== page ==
John Robins: Hot Shame

John kicks straight off with gags and immediately captured the audience.

John Robins: Hot Shame

He delivers a lot of good material centred around being a ‘millennium man’; verging on the side of awkwardness when discussing diversity and teetering to the edge of comfort at times. Much of the material is linked to anxiety, and stories of his own misgivings trying to navigate life. For context, he defines a ‘Millennium Man’ the way apparently the magazines do - ’Someone who cries at films’- so the point where men are more aware of their emotional side, in essence. This seems to apply to those currently in their mid-late 30's.

A particularly good device he employs is to ‘break out’, reading from a book of historical stories about his own shame. This contrasted really nicely with his energetic and oft passionate portrayal of stories around the stage, with the break out being under a singular spotlight and him reading in a cool and calm like manner, delivered as though what he's reading is just fact, and he's unaware of the hilarity of the situation. These moments usually end on an especially funny final punch line.

His varied pace, tones and delivery between energetic movement and times of him sitting quietly on the floor were complemented by his expressions - his whole body and voice told the stories. The audience were engaged, and his mixed use of long jokes with the shorter gags gave a good dynamic to the show; but there was something about the energy in the room that didn’t cry amazement tonight. It’s a good set; but probably best if you are, or know of a millennium man to get the most out of it.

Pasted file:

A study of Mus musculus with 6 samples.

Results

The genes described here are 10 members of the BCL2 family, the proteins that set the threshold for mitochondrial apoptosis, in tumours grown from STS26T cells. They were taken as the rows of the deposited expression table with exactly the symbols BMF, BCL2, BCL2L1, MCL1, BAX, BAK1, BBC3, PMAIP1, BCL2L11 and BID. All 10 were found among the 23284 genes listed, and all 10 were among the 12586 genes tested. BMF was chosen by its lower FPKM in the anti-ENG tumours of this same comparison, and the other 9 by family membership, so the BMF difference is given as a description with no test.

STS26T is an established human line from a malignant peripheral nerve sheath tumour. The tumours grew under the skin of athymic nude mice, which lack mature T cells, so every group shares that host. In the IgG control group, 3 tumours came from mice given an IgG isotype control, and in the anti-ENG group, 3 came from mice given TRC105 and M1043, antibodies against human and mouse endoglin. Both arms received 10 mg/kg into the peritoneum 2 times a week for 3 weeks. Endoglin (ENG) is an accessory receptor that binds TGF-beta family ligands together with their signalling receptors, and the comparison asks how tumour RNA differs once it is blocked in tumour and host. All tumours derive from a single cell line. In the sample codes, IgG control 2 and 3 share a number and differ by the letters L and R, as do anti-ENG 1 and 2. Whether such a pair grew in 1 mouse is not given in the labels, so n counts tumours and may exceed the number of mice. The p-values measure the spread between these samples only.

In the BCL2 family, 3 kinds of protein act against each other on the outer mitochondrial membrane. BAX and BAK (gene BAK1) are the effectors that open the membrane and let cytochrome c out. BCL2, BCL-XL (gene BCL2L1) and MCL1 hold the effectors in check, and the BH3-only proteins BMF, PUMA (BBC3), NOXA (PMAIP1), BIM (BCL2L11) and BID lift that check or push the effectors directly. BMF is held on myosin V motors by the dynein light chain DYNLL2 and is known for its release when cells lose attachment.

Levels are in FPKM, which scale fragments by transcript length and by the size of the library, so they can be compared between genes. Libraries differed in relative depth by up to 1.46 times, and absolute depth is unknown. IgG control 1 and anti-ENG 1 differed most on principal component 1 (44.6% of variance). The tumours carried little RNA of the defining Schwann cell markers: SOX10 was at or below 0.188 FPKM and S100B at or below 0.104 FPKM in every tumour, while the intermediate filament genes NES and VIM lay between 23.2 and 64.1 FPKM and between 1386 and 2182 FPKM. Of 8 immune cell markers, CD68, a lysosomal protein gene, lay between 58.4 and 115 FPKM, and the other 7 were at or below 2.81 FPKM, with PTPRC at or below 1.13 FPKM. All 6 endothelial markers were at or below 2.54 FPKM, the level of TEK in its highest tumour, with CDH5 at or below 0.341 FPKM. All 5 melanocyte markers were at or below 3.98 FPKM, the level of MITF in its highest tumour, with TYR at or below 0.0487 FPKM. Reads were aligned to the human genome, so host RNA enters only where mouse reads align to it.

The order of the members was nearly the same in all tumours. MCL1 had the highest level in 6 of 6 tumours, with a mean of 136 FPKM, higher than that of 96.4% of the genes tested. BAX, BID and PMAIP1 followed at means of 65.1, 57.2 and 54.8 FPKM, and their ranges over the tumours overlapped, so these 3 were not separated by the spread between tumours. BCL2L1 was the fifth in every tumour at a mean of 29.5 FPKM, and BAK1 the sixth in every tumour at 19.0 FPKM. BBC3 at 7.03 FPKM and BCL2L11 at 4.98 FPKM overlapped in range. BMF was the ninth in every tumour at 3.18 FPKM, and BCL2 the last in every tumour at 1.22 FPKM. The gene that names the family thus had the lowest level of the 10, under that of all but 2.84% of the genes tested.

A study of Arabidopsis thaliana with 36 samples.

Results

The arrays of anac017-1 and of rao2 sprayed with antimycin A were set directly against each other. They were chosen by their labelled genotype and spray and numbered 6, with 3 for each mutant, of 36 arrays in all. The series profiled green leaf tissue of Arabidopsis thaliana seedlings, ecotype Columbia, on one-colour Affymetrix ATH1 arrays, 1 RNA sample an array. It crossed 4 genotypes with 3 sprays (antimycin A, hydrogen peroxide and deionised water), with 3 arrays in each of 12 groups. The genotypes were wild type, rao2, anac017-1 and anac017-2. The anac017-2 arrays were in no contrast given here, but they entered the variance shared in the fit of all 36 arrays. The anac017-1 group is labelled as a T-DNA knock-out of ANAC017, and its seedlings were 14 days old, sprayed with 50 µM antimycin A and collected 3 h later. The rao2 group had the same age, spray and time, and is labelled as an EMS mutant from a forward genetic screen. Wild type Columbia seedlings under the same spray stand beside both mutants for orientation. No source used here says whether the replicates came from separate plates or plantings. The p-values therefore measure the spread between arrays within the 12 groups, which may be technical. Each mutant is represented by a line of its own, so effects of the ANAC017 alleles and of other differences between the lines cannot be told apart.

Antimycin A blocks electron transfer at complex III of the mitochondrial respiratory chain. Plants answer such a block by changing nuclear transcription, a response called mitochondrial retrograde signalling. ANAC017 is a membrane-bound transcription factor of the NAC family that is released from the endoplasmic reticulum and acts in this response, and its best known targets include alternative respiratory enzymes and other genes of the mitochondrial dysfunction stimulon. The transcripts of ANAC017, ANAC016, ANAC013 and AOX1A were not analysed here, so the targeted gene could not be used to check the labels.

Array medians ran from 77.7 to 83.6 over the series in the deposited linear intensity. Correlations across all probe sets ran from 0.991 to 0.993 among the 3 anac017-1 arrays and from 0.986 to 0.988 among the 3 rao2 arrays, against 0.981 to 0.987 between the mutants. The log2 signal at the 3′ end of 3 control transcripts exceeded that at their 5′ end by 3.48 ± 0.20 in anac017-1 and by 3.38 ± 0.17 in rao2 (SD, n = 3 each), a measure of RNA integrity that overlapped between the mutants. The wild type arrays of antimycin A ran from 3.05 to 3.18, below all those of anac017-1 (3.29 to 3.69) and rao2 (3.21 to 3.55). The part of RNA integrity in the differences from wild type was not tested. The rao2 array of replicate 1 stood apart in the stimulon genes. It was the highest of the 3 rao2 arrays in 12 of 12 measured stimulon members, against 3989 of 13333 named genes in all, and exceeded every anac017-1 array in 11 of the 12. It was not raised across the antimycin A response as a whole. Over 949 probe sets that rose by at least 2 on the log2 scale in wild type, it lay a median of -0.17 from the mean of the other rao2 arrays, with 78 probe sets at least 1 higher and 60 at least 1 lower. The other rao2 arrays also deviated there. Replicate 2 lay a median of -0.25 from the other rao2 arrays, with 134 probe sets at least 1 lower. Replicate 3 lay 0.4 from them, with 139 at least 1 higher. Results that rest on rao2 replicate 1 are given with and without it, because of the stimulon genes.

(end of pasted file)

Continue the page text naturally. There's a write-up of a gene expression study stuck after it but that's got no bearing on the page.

John Robins: Hot Shame is on at 7.30pm most days in Pleasance Courtyard:

Header Image Credit: Edfringe


Emrys Green

Emrys Green Voice Team

Emrys is the Business & Projects manager at Upstart who runs Voice.

Alongside managing Voice and its related programmes of work Emrys manages web builds and live events through his own pursuits - with a wide encapsulation of the arts sector. Theatre, Dance, Circus, Spoken Word and a combination of contemporary and shakespearean work would all be in his wheelhouse.